If the Administration really wants to maintain the authority to use coercive techniques against terrorist detainees, it should consider sharing some evidence of the techniques’ success.
I support the government having some limited form of coercive techniques at its disposal because the Administration has claimed that it has received vital intelligence from high-level Al Qaeda figures — information that has disrupted major terror plots. Bush has at least strongly implied that this information was obtained as a result of some form of coercive interrogation.
If this is true, he should reveal details about it. I don’t recommend precipitiously making everything public. I recommend going to selected Senators first, and showing them in detail why these techniques are necessary.
For example, John McCain, Lindsey Graham, and John Warner are not members of the United States Senate Select Committee on Intelligence. I don’t know the extent to which the members of that committee are privy to top-secret details of the interrogations of detainees like Khalid Sheikh Mohammed. But it seems to me that the members of that committee, at a minimum, should be provided that information — and perhaps Senators McCain, Graham, and Warner should receive it as well.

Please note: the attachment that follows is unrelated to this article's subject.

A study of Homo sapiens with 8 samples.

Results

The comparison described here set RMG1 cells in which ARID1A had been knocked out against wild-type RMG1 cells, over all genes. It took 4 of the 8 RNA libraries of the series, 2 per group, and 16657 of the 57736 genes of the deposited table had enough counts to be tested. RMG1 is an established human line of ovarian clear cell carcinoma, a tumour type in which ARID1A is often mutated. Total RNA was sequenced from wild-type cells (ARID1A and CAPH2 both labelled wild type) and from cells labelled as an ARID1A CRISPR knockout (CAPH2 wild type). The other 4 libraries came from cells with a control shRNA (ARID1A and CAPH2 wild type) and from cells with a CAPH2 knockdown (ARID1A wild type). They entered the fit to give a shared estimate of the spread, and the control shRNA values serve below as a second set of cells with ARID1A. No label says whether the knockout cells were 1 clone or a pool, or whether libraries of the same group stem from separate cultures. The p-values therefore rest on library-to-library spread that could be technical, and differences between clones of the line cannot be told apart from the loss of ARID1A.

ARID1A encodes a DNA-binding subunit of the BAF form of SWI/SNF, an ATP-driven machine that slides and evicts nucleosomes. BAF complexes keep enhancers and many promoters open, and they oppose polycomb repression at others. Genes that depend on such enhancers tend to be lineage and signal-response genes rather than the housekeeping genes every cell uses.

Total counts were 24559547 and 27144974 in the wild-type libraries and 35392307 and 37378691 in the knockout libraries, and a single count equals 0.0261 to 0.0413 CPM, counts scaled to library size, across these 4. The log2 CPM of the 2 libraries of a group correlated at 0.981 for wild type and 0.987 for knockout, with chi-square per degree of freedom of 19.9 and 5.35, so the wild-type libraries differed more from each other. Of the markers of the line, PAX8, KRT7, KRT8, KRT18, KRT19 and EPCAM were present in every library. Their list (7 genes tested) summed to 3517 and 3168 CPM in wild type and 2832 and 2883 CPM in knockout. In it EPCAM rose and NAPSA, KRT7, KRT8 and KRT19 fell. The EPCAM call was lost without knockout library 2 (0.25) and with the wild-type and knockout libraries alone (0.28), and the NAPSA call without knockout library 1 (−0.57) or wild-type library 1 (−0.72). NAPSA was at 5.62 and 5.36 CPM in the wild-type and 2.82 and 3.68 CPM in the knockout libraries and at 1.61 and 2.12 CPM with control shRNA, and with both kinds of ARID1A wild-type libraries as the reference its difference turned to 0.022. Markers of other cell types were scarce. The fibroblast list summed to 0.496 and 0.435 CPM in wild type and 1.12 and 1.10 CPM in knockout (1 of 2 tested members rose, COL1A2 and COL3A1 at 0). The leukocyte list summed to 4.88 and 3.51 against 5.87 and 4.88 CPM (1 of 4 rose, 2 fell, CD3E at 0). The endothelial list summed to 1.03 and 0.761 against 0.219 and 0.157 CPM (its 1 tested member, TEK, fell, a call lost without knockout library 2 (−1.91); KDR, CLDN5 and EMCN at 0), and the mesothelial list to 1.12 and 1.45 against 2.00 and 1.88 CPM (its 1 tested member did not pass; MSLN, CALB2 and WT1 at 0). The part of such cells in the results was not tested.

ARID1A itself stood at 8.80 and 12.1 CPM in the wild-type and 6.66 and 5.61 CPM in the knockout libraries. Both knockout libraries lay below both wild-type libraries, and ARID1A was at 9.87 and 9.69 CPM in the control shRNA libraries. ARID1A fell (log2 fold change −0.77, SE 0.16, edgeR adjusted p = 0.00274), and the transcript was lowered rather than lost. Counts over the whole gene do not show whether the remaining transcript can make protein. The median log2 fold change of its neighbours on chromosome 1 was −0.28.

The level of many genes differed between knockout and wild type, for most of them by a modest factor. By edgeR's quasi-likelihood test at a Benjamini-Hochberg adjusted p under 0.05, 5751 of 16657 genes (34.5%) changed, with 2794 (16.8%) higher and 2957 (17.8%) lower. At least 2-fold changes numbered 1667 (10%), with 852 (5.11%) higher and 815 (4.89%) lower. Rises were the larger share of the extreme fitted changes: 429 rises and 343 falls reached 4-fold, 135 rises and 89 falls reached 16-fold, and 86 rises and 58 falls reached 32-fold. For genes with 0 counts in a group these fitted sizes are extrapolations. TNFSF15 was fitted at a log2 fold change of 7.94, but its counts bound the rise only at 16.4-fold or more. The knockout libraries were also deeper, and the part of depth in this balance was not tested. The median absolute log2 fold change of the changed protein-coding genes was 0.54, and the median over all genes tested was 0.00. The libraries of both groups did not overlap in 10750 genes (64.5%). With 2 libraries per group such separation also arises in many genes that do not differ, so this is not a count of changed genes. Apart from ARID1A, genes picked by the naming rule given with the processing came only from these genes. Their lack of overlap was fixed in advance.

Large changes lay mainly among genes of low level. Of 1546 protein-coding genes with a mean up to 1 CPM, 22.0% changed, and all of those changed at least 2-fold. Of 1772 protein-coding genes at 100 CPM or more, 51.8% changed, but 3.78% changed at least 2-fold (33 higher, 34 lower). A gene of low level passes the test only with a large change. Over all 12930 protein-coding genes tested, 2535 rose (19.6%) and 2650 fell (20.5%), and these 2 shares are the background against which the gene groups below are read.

If the information is truly as compelling as Bush says it is, these Senators would presumably change their tune upon being informed of the specifics. I despise John McCain, but I believe he and the other men are patriots, and would not cast our country’s safety aside if there were clear evidence that these techniques are necessary.
And if they didn’t change their tune, even in the face of compelling evidence, Bush could declassify the information and go public with the details — and these men would suffer grevious hits to their political standing.
Sure, we don’t want to declassify such information if we can avoid it. But the government is running the risk of losing these techniques entirely. If the techniques are truly critical, then it seems to me there would be little harm in sharing the specifics with these Senators. (I’m assuming that this hasn’t already happened, although I don’t know this to be the case.) If push comes to shove, a selective declassification may well be a lesser evil than losing these techniques entirely.
Of course, it could be that no such compelling information exists, and that Bush is simply playing politics with the issue — in which case he would not follow my suggestion. But if the evidence is really there, shouldn’t he take the steps I have described?